On June 21, the House approved, 271-142, legislation (H.R. 4019) that would make permanent the retirement provisions included in last year’s tax cut package (P.L. 107-6).

All of the tax breaks in last year’s law, including the retirement provisions, are scheduled to expire on December 31, 2010. Under H.R. 4019, the sunset for the retirement provisions would be repealed.

Arguing in favor of the bill, Rep. Jennifer Dunn (R-WA) said that the legislation would help all women to become more independent. It would “allow women to devote more money into retirement savings and to maintain their benefits as they move from job to job,” she continued, also pointing out that the bill would allow “women who take time off from work to catch-up” on their retirement savings.

“The Republican leadership has ignored the corporate malfeasance in this bill,” accused Rep. Nancy Pelosi (D-CA). “Only the Democratic substitute would keep tax dollars from disappearing in the Bermuda Triangle,” she said.

Current law gradually increases over seven years the contribution limits for both traditional and Roth IRAs to $5,000 by 2008. Contribution limits would rise from $3,000 in 2002 to $4,000 in 2005, and $5,000 in 2008. The law also increases from $10,500 to $15,000 over five years the amount that an individual may contribute annually to a 401(k) plan, a tax-sheltered annuity, or a simplified employee pension plan from $10,500 to $11,000 in 2002, $12,000 in 2003, $13,000 in 2004, $14,000 in 2005, and $15,000 in 2006.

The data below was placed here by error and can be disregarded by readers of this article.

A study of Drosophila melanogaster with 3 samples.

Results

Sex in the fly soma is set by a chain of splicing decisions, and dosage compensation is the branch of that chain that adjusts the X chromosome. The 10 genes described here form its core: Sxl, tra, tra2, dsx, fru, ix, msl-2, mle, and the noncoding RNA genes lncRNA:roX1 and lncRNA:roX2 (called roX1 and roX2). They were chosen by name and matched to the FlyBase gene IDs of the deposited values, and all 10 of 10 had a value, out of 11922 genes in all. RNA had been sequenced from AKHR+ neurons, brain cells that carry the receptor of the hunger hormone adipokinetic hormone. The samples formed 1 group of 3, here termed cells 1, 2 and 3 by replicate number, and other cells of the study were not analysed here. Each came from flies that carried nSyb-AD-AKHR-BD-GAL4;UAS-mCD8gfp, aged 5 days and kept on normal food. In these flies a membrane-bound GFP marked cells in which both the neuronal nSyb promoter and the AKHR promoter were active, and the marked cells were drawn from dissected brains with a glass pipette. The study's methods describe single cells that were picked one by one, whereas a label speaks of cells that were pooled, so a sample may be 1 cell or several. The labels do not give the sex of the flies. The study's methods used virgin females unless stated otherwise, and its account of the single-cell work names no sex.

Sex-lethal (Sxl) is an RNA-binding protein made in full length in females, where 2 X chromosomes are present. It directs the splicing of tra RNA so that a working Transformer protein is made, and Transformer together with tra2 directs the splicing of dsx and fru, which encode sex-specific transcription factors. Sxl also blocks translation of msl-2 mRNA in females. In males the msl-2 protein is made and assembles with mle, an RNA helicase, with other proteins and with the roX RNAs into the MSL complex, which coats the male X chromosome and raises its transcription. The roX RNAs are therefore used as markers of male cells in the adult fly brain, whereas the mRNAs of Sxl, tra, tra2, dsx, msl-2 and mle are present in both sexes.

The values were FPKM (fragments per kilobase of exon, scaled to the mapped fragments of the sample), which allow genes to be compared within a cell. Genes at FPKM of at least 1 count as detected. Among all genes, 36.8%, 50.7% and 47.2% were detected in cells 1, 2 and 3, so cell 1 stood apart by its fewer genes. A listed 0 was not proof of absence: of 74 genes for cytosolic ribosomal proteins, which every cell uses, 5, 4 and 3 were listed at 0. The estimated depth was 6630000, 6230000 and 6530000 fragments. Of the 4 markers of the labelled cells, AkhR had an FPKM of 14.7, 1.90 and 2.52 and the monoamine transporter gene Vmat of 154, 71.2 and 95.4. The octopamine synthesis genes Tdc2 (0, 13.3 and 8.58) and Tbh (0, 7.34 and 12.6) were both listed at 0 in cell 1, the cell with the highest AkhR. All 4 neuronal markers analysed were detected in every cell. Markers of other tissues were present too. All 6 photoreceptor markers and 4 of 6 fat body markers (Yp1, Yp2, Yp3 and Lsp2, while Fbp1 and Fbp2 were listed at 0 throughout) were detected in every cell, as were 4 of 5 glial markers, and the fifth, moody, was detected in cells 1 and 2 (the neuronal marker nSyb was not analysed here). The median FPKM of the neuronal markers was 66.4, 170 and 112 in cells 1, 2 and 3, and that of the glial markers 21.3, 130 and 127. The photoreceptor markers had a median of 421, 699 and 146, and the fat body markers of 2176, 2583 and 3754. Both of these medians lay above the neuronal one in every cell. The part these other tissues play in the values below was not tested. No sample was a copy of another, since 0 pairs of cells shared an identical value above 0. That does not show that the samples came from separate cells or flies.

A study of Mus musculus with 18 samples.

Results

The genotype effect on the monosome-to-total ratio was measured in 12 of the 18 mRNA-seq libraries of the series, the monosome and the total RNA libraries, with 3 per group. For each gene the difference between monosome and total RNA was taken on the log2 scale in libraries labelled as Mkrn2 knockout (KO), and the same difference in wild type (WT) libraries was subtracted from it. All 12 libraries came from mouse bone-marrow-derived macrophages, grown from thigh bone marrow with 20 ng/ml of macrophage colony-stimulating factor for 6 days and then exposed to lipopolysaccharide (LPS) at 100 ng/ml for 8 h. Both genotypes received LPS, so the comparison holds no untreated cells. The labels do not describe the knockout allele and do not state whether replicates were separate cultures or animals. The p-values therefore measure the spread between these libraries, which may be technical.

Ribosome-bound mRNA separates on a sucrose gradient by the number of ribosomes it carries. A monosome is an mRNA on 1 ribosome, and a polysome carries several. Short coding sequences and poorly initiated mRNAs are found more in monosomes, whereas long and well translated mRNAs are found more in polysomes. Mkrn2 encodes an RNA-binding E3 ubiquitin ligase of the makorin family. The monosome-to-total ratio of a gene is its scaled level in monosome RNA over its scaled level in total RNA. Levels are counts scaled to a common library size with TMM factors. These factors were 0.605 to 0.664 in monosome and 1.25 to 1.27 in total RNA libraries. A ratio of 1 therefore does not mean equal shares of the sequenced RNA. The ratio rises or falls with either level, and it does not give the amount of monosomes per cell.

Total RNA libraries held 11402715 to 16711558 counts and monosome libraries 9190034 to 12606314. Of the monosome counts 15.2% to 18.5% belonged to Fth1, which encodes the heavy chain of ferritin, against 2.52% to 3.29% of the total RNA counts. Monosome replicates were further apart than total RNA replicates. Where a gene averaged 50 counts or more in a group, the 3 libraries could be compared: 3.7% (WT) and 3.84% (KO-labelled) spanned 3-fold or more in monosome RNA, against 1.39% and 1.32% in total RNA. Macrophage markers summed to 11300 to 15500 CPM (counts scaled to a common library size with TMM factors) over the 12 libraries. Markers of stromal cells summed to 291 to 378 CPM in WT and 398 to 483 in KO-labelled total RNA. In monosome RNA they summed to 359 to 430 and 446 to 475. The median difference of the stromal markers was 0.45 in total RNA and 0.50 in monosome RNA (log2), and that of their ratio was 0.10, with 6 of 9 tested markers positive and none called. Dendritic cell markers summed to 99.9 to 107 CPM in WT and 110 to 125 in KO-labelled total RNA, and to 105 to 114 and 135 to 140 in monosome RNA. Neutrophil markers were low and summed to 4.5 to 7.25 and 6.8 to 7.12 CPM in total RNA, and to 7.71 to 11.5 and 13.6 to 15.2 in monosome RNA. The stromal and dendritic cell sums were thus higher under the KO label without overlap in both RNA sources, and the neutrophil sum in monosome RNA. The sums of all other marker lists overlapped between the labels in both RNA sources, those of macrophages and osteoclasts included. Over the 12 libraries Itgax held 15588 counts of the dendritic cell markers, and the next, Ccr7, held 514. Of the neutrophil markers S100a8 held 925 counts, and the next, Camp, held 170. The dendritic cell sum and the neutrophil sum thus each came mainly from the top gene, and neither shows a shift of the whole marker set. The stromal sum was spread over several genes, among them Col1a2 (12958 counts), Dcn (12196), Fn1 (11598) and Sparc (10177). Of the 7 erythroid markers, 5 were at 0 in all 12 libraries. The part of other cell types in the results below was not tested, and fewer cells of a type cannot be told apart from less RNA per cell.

Additionally, individuals 50 and older are allowed to make “catch-up” contributions to their IRAs and pension plans. From 2002 through 2005, individuals in this group may make an additional annual contribution of $500 to an IRA, and in 2006, these individuals may contribute an additional $1,000 to an IRA. For pension plans, an individual in this age group may make an additional $1,000 contribution in 2002, $2,000 in 2003, $3,000 in 2004, $4,000 in 2005, and $5,000 in 2006.

The law also provides a portability provision to allow workers to take their retirement savings with them when they change jobs.

The House rejected, 182-204, a Democratic substitute by Rep. Richard Neal (D-MA) that also would have made permanent the retirement provisions in last year’s tax cut package. The substitute also would have made changes to retirement tax provisions affecting executives of large corporations, including a provision that would have required corporate executives to pay a capital gains tax on stock options when a corporation reestablishes itself overseas. The substitute also would have required corporate executives to pay a 20 percent fee on large severance and retirement benefits when the corporation declares bankruptcy.

The House also rejected, 186-192, a motion to recommit the bill.